We’ve lived so long under the spell of hierarchy—from god-kings to feudal lords to party bosses—that only recently have we awakened to see not only that “regular” citizens have the capacity for self-governance, but that without their engagement our huge global crises cannot be addressed. The changes needed for human society simply to survive, let alone thrive, are so profound that the only way we will move toward them is if we ourselves, regular citizens, feel meaningful ownership of solutions through direct engagement. Our problems are too big, interrelated, and pervasive to yield to directives from on high.
—Frances Moore LappĂ©, excerpt from Time for Progressives to Grow Up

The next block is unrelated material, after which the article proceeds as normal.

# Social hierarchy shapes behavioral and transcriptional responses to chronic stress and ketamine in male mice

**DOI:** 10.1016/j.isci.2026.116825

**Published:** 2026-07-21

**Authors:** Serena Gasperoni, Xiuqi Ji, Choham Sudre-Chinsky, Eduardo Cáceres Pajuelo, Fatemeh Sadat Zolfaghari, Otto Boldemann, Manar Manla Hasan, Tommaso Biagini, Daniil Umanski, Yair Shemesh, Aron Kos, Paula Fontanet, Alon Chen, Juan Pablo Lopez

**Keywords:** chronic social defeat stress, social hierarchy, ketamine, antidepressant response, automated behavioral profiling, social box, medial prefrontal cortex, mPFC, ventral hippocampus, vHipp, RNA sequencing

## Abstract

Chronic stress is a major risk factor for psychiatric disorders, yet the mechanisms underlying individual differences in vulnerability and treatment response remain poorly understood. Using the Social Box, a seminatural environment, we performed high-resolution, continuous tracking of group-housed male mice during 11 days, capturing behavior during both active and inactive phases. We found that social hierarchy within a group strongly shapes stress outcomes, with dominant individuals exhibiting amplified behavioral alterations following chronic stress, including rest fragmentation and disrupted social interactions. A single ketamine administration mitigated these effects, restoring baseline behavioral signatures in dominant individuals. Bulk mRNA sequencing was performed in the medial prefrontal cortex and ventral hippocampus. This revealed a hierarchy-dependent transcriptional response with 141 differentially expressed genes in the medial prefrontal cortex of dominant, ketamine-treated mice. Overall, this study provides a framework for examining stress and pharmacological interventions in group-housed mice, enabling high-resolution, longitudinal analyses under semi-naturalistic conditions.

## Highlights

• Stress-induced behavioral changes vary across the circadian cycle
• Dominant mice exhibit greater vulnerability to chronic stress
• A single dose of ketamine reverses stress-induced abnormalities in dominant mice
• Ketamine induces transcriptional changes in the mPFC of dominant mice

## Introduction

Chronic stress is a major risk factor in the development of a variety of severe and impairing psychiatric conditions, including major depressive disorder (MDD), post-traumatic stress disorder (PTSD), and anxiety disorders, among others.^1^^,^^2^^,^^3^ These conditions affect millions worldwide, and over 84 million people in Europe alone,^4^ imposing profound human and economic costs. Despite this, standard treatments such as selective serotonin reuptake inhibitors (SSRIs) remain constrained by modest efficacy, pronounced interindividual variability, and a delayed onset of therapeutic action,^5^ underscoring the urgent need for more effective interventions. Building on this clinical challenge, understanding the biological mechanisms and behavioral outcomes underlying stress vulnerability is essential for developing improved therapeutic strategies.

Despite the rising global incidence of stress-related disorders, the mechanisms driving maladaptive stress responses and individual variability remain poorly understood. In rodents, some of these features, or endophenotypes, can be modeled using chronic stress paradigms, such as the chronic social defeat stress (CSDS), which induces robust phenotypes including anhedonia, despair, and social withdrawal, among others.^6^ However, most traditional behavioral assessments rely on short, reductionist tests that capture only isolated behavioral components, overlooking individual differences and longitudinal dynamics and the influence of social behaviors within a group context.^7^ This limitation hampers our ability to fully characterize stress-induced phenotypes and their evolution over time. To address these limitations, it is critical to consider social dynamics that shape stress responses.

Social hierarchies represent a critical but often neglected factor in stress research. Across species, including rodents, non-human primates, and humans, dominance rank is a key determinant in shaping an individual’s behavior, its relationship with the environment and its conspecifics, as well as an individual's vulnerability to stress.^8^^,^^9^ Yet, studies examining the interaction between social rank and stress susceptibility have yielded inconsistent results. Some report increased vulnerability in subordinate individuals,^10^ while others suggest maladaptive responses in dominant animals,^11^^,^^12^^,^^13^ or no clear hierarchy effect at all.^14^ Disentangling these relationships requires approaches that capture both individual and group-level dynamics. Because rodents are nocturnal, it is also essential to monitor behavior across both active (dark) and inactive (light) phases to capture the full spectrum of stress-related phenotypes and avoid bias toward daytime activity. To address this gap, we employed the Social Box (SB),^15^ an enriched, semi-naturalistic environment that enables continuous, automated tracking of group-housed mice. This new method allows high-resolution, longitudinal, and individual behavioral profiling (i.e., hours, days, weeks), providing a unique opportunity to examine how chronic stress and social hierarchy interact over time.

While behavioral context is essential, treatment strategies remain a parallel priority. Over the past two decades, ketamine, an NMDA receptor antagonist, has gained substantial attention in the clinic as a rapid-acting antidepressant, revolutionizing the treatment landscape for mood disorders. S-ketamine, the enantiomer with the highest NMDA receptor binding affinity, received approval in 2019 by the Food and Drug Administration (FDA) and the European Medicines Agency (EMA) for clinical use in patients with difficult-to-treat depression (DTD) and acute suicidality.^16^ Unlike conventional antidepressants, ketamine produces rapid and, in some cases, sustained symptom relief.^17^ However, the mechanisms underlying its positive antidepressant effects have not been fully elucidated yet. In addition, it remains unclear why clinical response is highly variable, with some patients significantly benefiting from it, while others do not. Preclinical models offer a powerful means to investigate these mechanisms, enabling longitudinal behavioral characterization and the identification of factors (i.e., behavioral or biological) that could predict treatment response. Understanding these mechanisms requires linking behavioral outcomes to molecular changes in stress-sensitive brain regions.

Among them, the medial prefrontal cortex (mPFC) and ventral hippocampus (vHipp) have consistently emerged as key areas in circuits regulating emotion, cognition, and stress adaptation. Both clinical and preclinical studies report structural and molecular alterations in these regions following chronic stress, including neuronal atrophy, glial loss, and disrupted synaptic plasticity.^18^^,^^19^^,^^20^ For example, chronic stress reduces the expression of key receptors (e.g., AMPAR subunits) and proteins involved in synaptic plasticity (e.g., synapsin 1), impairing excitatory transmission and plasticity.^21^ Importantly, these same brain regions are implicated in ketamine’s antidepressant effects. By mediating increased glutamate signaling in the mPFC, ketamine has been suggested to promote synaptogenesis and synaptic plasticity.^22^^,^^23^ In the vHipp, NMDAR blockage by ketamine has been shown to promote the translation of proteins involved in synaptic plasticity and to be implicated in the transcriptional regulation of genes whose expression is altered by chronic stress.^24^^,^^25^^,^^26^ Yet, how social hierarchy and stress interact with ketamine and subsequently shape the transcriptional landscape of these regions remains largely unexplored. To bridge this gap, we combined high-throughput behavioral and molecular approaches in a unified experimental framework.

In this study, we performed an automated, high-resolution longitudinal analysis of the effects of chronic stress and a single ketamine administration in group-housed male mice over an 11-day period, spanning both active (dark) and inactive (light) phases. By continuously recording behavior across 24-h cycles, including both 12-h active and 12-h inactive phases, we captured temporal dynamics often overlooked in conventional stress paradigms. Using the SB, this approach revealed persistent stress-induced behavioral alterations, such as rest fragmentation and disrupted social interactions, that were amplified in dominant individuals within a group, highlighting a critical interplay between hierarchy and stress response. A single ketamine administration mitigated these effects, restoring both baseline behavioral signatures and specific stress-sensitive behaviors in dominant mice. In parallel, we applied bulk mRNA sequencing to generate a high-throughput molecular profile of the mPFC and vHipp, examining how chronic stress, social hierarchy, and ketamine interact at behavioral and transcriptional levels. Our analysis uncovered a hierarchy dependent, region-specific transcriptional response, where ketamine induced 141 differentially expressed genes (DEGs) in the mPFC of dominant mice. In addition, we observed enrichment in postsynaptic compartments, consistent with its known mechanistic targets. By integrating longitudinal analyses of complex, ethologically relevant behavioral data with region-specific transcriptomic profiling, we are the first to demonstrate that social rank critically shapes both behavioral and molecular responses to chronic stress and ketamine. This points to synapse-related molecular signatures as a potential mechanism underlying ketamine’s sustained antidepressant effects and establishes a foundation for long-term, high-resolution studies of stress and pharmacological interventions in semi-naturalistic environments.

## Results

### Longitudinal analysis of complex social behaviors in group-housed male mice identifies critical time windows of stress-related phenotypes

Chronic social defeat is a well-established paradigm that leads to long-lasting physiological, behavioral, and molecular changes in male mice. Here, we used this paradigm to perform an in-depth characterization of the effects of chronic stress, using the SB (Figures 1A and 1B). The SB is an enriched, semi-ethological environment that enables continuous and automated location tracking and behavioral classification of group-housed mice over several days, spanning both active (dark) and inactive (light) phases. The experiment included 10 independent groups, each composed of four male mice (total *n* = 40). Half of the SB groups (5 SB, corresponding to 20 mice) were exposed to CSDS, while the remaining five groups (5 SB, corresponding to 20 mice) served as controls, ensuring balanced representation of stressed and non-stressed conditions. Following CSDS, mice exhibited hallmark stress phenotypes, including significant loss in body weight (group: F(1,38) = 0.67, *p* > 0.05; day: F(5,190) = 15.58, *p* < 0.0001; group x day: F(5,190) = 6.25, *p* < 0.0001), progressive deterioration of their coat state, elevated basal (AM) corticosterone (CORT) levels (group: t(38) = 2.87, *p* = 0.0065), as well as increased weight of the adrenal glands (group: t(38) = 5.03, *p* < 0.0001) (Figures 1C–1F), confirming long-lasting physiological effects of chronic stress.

Saturday, August 7, 2010

Buffett, Gates, Rockefeller and the Conscience of the Very, Very Rich

by Carl Ginsburg from CounterPunch. Ah, the wonderful lives of charity-giving capitalists--icons of an unselfish ruling class! However, there do seem to be some contradictions.
Buffett’s profits are not tied exclusively to low wages stateside; his Wal-Mart earnings are a result of paying the lowest garment wages in the world, according to labor rights advocates.  Wal-Mart has started moving some of its garment factories out of China, where garment workers have been making the princely sum of $147 per month, to Bangladesh, where monthly earnings total $64, the lowest wage of its kind.  In this world of farce these wages are linked to Bangladesh’s low literacy rate—55 percent.  Had workers only acquired educations, the master thespians of farce would say, wages would be higher.